Sometimes in life we just have WAY TOO MANY CHOICES! In my book I talk about how all disorganization really stems from two things: delayed decisions and actions. Let's talk about how we can make better and faster decisions to help get rid of the clutter. Here are some guidelines:
- First, take ownership. Someone needs to make the decisions - is it you? If not, could it be you? Issues have a way of lingering when nobody takes ownership of the problem. Even something as fun as deciding where to go on vacation never gets resolved when each party thinks the other person is going to decide. Time slips away and before you know it, flights are sold out. You can still decide together and ultimately agree, but someone has to take ownership to make steps toward getting the information and following through.
- Set a deadline. Commit to making the decisions. We are not joking when we tell people to throw a party to help themselves get organized! Something about the idea of people coming over to visit really motivates you to get busy on your organizing projects. It's a great way to set an artificial deadline. You may have a real one, like an upcoming move or the birth of a baby. Use the pressure to your advantage!
- Narrow your choices. Having too many choices can be paralyzing. Dr. Barry Schwartz wrote a whole book about this called The Paradox of Choice: Why More is Less.
- If you're deciding where to go on vacation, you could narrow your choices by saying you'll only travel within this hemisphere. If it's salsa, you could narrow it down to only green (verde) sauces,or just mild ones (if you're a wimp).
- When organizing lots of paper, you can quickly get through a pile of items by giving yourself only three choices: Action, Reference, or Trash. (spells the word ART) You need to do something with it, you need to keep it to refer to later, or you need to throw it away. These three choices make the piles disappear faster than "drilling down" to all of the possibilities those pieces of paper represent.
- When deciding about physical items, stick to "Keep, Toss, or Donate" as a way of staying focused. You could also say, "Yes, No, or Maybe" or whatever works for you, sorting them into piles as you go. (If you have a "Maybe" pile--make sure you go back to it and decide yes or no once you see what remains.) You could also narrow your choices by declaring that anything in the room you do not actively USE or truly LOVE will go.
- Be a "satisficer" not a "maximizer." Schwartz's book talks about the work of 1950s psychologist Herbert Simon, who identified these two types of decision-makers. A maximizer is someone who perfectionistically needs to be assured that every decision they make is the best possible, causing them to review every possible alternative. Maximizers worry that there is always something better around the corner. Satisficers are people who, once they have found a decent option that meets their criteria and standards, move forward without worrying about whether there is something better.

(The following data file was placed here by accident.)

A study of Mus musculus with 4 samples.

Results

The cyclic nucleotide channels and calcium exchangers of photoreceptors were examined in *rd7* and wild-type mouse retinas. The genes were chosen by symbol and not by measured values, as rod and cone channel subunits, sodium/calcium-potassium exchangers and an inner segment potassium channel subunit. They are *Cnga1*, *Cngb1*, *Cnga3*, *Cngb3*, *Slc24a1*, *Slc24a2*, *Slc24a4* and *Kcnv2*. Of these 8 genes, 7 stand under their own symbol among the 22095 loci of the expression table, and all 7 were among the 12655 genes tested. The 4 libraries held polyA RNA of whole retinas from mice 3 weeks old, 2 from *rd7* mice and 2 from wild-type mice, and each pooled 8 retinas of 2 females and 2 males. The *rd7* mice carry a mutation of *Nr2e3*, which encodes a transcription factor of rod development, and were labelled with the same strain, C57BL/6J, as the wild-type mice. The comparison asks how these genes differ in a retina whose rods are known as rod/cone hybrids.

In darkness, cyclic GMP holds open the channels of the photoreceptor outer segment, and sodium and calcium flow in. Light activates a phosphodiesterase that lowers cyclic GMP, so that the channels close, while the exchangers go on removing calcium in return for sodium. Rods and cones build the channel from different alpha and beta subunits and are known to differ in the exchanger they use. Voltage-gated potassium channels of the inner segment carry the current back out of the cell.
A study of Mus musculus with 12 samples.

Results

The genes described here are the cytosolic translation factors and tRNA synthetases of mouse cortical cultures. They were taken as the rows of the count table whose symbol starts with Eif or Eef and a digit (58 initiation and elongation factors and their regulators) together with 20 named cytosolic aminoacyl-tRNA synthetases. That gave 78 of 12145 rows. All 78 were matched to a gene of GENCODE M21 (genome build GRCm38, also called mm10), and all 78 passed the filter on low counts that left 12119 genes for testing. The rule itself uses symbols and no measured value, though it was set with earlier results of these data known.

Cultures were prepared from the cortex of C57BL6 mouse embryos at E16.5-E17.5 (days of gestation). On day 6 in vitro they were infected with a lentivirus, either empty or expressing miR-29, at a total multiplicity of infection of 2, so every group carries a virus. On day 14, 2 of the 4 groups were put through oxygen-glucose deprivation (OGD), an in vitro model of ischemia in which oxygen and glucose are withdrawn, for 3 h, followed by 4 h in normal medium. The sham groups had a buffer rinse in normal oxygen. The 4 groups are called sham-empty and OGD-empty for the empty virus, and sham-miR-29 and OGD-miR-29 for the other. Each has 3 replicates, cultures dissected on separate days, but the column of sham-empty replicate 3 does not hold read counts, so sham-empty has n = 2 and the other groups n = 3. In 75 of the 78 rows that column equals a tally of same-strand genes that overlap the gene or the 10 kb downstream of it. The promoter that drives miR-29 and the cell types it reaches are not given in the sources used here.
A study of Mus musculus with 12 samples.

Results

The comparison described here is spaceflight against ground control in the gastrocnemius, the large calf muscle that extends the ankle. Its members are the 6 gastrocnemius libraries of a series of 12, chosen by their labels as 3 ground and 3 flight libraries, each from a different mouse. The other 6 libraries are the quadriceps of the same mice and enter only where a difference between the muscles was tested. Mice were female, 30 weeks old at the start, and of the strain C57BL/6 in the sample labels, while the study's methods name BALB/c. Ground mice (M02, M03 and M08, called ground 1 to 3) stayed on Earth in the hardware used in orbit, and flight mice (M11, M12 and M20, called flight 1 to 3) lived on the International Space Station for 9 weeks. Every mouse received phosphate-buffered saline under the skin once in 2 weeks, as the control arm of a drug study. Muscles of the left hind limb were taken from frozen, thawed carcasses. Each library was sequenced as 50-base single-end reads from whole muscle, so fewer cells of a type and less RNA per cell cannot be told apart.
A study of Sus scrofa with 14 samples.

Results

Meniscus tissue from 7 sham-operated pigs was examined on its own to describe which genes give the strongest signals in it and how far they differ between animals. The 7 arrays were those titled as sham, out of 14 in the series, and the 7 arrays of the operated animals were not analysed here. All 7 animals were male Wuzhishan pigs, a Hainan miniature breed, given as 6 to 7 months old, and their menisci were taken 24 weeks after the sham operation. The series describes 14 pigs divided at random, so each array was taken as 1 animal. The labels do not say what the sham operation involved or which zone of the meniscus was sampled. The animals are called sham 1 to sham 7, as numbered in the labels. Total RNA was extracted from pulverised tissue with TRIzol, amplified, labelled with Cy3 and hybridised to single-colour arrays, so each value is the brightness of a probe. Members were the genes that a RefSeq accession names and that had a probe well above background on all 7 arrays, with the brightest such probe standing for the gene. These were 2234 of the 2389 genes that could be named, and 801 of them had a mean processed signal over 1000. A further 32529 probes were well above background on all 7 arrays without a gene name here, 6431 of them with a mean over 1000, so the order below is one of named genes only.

- Make "policies" to make the decisions easier. If you set rules for yourself, they become the guiding force to make choices for you. You may decide, for example, that you will donate or discard any clothing that you have not worn in one year. You may also decide that if you have magazines older than three months you will recycle them without reading them. Further, you might even set a rule that magazines stacked up over a certain number of months mean that you will unsubscribe to that publication.
Most of us in North America have both the blessing and the curse of too many choices. The most important thing to keep in mind is whether the choices we make bring us closer or further away from our goals. What decisions can you make today?
Certified Professional Organizer Lorie Marrero is the creator of ClutterDiet.com, an innovative program allowing anyone to get expert help at an affordable price. She is also the author of The Clutter Diet: The Skinny on Organizing Your Home and Taking Control of Your Life. Her organizing books and products are sold online and in stores nationwide. Lorie has been a spokesperson for Brother label makers and FedEx Office, and she is a sought-after expert for national media such as CNBC, Good Housekeeping, WGN News and Woman's Day.